I no longer carry a camera with me anymore, just a smartphone. That didn't use to be the case six years ago. Apple wasn't the first to include a camera in a phone, not by a long shot—that would be Sharp Corp., way back in 2000. But when the Cupertino, Calif.-based company introduced its all-display iPhone in 2007, it accelerated the imaging arms race in touchscreen mobile devices that continues today.
The first iPhone touted a fixed-focus, 2.0-megapixel camera. It couldn't zoom, it couldn't focus automatically, it carried no flash, it did not support video recording.
The new iPhone 5S,with much fanfare, demonstrates how far this feature has come. The company's latest model comes with a five-element lens rated at an aperture of f/2.2, signaling improved sensitivity in low light environments. Its active sensor area is 15 percent larger than the one installed in the iPhone 5. Its pixels are larger, sized to 1.5 microns, which means each pixel can absorb 50 percent more light than it could before, resulting in reduced image "noise." An improved dual-element (white and amber) flash allows for 1,000 different color temperatures, with software ensuring the proper one relative to the subject you're trying to photograph. The lens is shielded by sapphire crystal, said to be harder (and thus more scratch-resistant) than conventional options. All said and done, the camera is rated at 8 megapixels.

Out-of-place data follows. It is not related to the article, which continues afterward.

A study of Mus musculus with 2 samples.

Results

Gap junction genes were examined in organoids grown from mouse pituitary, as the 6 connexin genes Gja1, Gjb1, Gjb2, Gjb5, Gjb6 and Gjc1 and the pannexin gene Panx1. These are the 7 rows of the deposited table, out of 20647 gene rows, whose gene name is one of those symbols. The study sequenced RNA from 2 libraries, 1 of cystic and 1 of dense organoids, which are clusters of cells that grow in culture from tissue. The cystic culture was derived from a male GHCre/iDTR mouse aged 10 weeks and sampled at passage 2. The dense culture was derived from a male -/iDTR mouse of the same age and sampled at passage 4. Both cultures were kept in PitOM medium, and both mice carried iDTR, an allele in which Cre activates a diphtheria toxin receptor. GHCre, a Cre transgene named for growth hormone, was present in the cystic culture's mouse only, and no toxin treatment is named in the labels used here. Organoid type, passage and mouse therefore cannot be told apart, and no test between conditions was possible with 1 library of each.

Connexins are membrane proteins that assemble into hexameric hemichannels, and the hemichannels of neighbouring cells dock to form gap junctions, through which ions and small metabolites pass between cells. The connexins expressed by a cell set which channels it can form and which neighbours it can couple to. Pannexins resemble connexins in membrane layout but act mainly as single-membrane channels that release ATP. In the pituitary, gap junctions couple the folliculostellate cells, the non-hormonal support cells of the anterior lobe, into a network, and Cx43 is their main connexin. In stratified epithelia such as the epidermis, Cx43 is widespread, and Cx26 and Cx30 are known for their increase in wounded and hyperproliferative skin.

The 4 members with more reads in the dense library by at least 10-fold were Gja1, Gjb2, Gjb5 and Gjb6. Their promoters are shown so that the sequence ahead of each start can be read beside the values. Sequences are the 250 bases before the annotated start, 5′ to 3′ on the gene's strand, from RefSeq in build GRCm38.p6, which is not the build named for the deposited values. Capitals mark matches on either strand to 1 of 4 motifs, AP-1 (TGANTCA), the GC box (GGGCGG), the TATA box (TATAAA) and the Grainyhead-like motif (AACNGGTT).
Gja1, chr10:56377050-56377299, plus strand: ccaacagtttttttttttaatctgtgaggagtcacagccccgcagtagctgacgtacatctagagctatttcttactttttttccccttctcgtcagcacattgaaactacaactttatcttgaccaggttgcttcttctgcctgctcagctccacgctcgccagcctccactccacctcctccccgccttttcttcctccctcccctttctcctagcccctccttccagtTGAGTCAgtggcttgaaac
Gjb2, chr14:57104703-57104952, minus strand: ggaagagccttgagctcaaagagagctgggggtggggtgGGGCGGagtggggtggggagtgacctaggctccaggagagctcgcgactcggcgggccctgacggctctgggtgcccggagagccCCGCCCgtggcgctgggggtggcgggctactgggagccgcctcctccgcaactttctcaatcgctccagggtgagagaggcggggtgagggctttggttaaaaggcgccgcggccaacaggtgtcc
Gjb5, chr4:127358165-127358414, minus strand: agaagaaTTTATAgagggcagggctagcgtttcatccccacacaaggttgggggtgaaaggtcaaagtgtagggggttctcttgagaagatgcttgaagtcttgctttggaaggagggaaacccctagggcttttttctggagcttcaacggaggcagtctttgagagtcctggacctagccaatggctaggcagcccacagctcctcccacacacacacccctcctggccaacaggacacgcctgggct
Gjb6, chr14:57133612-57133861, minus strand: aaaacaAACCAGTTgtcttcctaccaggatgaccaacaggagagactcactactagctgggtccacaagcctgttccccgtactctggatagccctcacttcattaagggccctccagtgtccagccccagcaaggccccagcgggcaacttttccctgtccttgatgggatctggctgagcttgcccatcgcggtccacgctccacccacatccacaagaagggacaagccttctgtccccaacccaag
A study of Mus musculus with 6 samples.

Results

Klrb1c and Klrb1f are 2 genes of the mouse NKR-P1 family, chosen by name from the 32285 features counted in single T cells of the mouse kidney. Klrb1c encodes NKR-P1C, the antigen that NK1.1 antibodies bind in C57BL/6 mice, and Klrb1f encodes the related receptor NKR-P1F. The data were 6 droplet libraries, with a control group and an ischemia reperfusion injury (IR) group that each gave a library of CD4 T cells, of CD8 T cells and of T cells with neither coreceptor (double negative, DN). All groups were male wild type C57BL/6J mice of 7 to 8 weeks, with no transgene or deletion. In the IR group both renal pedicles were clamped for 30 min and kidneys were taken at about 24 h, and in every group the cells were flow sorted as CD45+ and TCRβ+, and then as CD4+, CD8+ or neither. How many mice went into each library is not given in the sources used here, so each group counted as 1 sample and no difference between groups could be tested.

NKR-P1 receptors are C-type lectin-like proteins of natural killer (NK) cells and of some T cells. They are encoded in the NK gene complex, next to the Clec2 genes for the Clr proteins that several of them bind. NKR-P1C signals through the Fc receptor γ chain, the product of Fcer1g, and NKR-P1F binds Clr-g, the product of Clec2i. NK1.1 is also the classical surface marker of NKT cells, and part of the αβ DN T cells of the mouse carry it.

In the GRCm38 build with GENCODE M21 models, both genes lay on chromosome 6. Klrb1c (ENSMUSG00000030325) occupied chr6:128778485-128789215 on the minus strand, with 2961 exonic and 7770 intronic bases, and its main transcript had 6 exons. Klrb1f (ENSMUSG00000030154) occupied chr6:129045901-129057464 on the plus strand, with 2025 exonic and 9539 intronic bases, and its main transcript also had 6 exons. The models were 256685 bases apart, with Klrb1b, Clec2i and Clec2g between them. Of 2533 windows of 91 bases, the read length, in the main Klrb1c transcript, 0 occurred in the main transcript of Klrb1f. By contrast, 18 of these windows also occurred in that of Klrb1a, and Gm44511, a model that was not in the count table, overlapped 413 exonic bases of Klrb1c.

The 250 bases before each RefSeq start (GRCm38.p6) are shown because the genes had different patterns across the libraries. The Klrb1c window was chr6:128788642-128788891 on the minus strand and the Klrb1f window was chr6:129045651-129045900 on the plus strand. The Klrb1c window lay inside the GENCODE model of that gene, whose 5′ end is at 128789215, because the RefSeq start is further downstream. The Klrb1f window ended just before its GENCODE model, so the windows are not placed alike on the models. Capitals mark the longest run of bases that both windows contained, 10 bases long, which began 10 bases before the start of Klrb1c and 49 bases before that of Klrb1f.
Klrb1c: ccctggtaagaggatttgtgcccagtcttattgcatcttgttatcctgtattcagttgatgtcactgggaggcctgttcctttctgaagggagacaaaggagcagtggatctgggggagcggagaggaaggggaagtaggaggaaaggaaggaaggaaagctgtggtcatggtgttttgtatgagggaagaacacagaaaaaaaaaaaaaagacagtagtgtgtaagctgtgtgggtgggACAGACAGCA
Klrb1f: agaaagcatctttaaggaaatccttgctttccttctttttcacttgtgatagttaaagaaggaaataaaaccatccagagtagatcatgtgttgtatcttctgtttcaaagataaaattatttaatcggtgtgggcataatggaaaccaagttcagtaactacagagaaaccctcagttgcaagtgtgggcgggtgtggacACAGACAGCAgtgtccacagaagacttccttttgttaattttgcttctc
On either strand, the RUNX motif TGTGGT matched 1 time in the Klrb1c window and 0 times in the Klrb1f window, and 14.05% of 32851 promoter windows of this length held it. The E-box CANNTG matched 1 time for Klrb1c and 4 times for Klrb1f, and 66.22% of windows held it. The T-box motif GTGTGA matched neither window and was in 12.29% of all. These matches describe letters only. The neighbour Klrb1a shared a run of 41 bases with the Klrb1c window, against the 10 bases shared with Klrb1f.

And that's just the hardware. On the software side, Apple's Camera application will automatically set the white balance and exposure, a dynamic local tone map will ensure more true-to-life color and autofocus matrix metering will better adjust exposure to the subject you're trying to photograph. Apple also claims that each photograph shot is actually the best from a handful actually imaged; the one presented to you is automatically determined to be the sharpest of the bunch. And finally, there's a 10-frames-per-second burst mode, 120-frames-per-second slow motion mode, and a 28-megapixel panorama mode that adjusts exposure as you move from one end to the other.
And we haven't even spoken about the front-facing camera.
While I don't expect to ever affix actual lenses to my iPhone, it is clear that Apple—and its rivals, let's be fair—is making such great leaps in imaging technology for these devices that many consumers have more horsepower in their back pocket than they ever did with their dedicated digital cameras.
The two biggest concerns for the average smartphone buyer? Battery life and camera quality, according to anecdotal evidence I've collected over the years. That's why Nokia/Microsoft's Lumia 1020 carries a 41-megapixel camera, even though the chance that people will print out a snap they've taken to poster size is slim to none. That's why Sony recently announced a CyberShot camera meant to attach to smartphones. And that's why Apple keeps upping the ante, even though it is working in an area not considered a core competency. (Sony and OmniVision both supply the company with components.) In all of these cases, manufacturers are recognizing that people want to capture the world around them at every turn, and that an inability to do so may be a dealbreaker for a given handset.
There are natural limits to this strategy, of course; physics dictates that a dedicated camera with a larger image sensor will always trump a smartphone with a smaller one, for the same reason as pixel size: it improves the camera's ability to capture more light.
But so long as we are addicted to taking better photographs—and it doesn't take a photography expert to identify a blurry, poorly-lit interior shot of a dear friend—smartphone makers will continue to wring the most from this feature. Lucky us.